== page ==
WHEN: 6.30pm – 8 Nov 2016


Waterloo is a 50 minute documentary completed in 1981. It tells the story of the 1970’s battle by residents of this inner Sydney suburb to save the area from slum clearance and redevelopment by public housing authorities.

In the early 70’s the state government initiated a massive scheme to pull down inner city terraces (‘slums’) to build new high rise public housing estates. However they did not expect the public opposition which this move generated.

Waterloo, directed by Tom Zubrycki, tells the story of residents fight-back and sets out to understand it by looking into the history of the area itself. The film depicts the poverty and overcrowding at the turn of the century, and the impractical, idealistic solutions proposed by the planners. It locates Waterloo in the context of urban housing struggles in Sydney: the anti-eviction campaigns of the 30’s, the rise of the Resident Action movement in the late 60’s and the alliance it formed with building unions resulting in the now world famous Green Bans.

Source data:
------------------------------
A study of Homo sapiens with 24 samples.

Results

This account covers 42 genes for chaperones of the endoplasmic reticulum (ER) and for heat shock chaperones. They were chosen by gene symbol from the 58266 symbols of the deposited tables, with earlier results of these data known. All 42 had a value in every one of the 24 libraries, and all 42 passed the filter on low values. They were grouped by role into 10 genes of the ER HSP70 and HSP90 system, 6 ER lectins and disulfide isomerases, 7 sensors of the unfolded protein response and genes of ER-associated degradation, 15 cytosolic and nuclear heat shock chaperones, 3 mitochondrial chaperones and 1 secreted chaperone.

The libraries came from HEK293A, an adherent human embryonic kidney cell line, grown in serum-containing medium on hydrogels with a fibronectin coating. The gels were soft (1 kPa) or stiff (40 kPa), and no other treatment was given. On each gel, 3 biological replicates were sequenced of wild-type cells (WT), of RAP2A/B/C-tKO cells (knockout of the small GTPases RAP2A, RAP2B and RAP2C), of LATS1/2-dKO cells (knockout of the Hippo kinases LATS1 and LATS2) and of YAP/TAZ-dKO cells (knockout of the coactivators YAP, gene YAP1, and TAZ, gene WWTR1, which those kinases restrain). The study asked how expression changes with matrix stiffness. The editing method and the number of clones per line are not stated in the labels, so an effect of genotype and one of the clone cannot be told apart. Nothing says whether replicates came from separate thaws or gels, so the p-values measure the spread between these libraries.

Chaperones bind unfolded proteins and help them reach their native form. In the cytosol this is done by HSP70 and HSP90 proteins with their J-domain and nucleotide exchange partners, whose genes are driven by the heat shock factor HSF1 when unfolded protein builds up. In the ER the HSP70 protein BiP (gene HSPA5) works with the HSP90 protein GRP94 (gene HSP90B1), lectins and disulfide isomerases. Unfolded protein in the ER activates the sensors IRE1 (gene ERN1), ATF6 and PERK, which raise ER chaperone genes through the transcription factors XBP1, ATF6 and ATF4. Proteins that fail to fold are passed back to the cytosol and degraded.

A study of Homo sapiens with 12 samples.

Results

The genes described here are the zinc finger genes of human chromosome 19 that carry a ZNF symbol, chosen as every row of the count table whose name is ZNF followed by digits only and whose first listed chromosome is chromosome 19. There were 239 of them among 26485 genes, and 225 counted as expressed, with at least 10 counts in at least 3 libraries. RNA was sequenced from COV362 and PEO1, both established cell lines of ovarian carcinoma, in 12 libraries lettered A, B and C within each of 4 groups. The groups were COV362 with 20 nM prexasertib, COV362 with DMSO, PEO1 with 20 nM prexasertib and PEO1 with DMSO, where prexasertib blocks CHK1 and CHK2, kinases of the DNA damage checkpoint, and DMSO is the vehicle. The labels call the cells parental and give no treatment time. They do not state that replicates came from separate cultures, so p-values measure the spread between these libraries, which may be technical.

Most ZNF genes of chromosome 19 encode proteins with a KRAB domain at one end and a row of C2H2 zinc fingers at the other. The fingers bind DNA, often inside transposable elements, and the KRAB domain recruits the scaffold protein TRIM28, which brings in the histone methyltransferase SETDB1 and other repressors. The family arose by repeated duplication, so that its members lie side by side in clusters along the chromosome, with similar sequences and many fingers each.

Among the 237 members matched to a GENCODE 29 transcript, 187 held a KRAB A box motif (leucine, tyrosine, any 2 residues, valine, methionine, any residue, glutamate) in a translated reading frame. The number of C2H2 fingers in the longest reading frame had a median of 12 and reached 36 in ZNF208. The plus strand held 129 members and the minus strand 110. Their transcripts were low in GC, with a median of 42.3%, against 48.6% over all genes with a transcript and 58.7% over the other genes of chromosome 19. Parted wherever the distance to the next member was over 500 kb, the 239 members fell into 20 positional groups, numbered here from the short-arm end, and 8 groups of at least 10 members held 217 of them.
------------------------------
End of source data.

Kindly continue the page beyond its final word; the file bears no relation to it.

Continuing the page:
Waterloo prompts questions about the planning process, community involvement and bureaucratic accountability. How did the Housing Commission, a public housing authority set up by the State Labor Government in the forties, get to the stage of evicting workers to build more public housing?

Waterloo will be followed by a screening of the trailer for We Live Here 2017, an upcoming documentary putting a human face to public housing and celebrating the lives and stories of the people who live there now. With the impending threat of destruction by the state government, narratives around sense of place and cultural heritage have never been more relevant.

Doors open 6pm, screening at 6.30pm.